Necessary Roughness Review: What Would Jeff Gordon Think?!?
I love NASCAR, which is probably why this episode of Necessary Roughness disappointed me. It got more wrong about the racing series than it got right.
Unless it's for a serious medical condition, a driver couldn't possibly blow off four races and still keep his ride. But for the many fans who don't follow NASCAR, I'll put those concerns aside and pretend I have no clue who Kasey Kahne is.
Callie Thorne plays frazzled so well. Dr. Dani is a women with a demanding new career, two teenage kids pushing her buttons, and a messy divorce making everything worse. Through it all you, can't help but like her exasperated expression. It's always enough to save her any actual words.
The best scene of the night was also the most painful: when Matt introduced Dani as his coworker to Natalie, his date. Dani was so happy to see him at the party and you could just feel her try and force the smile to stay on her face as she made small talk with the tall, gorgeous, other woman.
Matt's done nothing wrong, of course. Dani's done nothing but push him away since their one night stand, but thankfully she told him the truth about how she felt instead of keeping it to herself. Perhaps that's the plus of being a therapist.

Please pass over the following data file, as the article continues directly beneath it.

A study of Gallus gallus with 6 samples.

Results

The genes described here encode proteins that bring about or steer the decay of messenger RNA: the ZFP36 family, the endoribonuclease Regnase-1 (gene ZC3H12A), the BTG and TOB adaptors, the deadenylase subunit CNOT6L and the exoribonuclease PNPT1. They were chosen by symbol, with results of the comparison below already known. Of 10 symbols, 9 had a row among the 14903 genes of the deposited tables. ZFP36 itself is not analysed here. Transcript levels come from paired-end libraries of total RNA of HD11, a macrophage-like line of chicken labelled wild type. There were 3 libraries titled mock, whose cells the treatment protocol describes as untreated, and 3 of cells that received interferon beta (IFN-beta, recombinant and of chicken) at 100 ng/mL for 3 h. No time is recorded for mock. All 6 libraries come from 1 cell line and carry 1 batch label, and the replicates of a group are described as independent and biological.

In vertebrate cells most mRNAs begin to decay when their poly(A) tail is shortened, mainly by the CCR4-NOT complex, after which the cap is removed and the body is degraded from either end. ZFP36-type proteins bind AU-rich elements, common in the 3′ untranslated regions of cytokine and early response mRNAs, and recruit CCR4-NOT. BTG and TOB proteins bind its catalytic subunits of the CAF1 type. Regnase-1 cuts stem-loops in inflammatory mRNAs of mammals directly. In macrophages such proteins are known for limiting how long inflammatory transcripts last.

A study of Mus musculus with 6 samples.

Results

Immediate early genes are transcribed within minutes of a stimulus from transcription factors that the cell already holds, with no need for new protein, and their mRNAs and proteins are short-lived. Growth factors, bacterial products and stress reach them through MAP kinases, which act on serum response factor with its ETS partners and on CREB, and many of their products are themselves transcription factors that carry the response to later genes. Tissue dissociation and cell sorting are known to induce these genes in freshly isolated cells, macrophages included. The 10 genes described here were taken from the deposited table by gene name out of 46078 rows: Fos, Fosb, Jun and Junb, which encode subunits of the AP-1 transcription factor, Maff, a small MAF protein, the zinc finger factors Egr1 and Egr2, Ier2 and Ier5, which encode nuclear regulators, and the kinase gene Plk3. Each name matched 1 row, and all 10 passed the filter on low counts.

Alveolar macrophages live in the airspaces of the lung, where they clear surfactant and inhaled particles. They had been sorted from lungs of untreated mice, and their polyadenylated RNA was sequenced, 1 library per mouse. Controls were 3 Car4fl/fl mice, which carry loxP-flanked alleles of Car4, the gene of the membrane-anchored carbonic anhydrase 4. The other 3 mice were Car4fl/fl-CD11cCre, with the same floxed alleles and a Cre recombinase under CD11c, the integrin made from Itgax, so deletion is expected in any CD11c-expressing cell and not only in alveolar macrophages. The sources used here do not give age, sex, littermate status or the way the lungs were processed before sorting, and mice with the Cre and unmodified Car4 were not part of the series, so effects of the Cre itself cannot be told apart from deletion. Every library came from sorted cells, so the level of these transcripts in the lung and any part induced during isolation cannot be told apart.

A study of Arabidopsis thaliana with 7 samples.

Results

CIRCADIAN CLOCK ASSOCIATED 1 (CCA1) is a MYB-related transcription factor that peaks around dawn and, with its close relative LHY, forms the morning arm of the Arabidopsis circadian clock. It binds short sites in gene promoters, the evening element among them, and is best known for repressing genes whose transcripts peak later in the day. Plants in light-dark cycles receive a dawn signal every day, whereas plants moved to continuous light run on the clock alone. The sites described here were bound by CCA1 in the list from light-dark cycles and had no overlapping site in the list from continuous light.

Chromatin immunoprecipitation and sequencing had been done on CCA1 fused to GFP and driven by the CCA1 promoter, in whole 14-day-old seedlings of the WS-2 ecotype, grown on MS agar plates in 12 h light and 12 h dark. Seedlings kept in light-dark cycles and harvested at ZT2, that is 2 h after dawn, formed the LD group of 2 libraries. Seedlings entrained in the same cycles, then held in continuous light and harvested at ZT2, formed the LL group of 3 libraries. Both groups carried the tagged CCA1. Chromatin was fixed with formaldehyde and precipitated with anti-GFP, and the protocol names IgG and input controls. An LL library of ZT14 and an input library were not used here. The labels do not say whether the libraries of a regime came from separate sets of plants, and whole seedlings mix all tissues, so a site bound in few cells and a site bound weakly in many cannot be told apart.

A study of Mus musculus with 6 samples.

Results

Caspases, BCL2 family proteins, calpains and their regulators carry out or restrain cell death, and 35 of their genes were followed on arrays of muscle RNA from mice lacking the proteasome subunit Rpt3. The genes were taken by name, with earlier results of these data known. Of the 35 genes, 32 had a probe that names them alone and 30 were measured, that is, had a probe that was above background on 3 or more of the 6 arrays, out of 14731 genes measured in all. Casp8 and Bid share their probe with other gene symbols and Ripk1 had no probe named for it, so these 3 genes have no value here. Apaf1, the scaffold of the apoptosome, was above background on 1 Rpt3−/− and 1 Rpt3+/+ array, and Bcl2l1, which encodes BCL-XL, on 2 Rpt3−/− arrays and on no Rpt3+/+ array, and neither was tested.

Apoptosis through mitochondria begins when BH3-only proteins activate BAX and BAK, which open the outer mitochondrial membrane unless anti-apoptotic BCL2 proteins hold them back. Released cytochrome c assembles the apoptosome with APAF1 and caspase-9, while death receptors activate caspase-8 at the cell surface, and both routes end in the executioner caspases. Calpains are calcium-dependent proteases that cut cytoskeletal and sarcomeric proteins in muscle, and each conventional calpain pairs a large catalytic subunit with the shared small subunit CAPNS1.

My other big complaint of the night, besides the racing inconsistencies, was simple: How could there be a scene with Marc Blucas and Mehcad Brooks playing basketball with both keeping their shirts on?!? Is a little eye candy too much to ask for?
I'm still waffling on what I think of Dani's kids. Typical teenage angst or just annoying spoiled brats? My opinion changes from week to week and scene to scene.
But I do love seeing Scott Cohen as Nico. I look forward to finding out more about his character, piece by tiny piece, as the season continues. The mystery of Nico is half the fun.
I will give Necessary Roughness points for using some real NASCAR footage, although if the show wanted to make me believe this guy was scared to get back in the car, there are some truly frightening crashes over the last couple of years that could have gotten the point across better.
Plus, I find it almost comical that they got nearly every major sponsor in NASCAR on the screen within this hour. That must have taken a lot of coordinating to pull off.
"Spinning Out" certainly wasn't my favorite episode, but it was still entertaining. Let's hope the next installment of Necessary Roughness covers a sport I know nothing about.
Necessary Roughness: "Spinning Out"
C. Orlando is a TV Fanatic Staff Writer. Follow her on Twitter.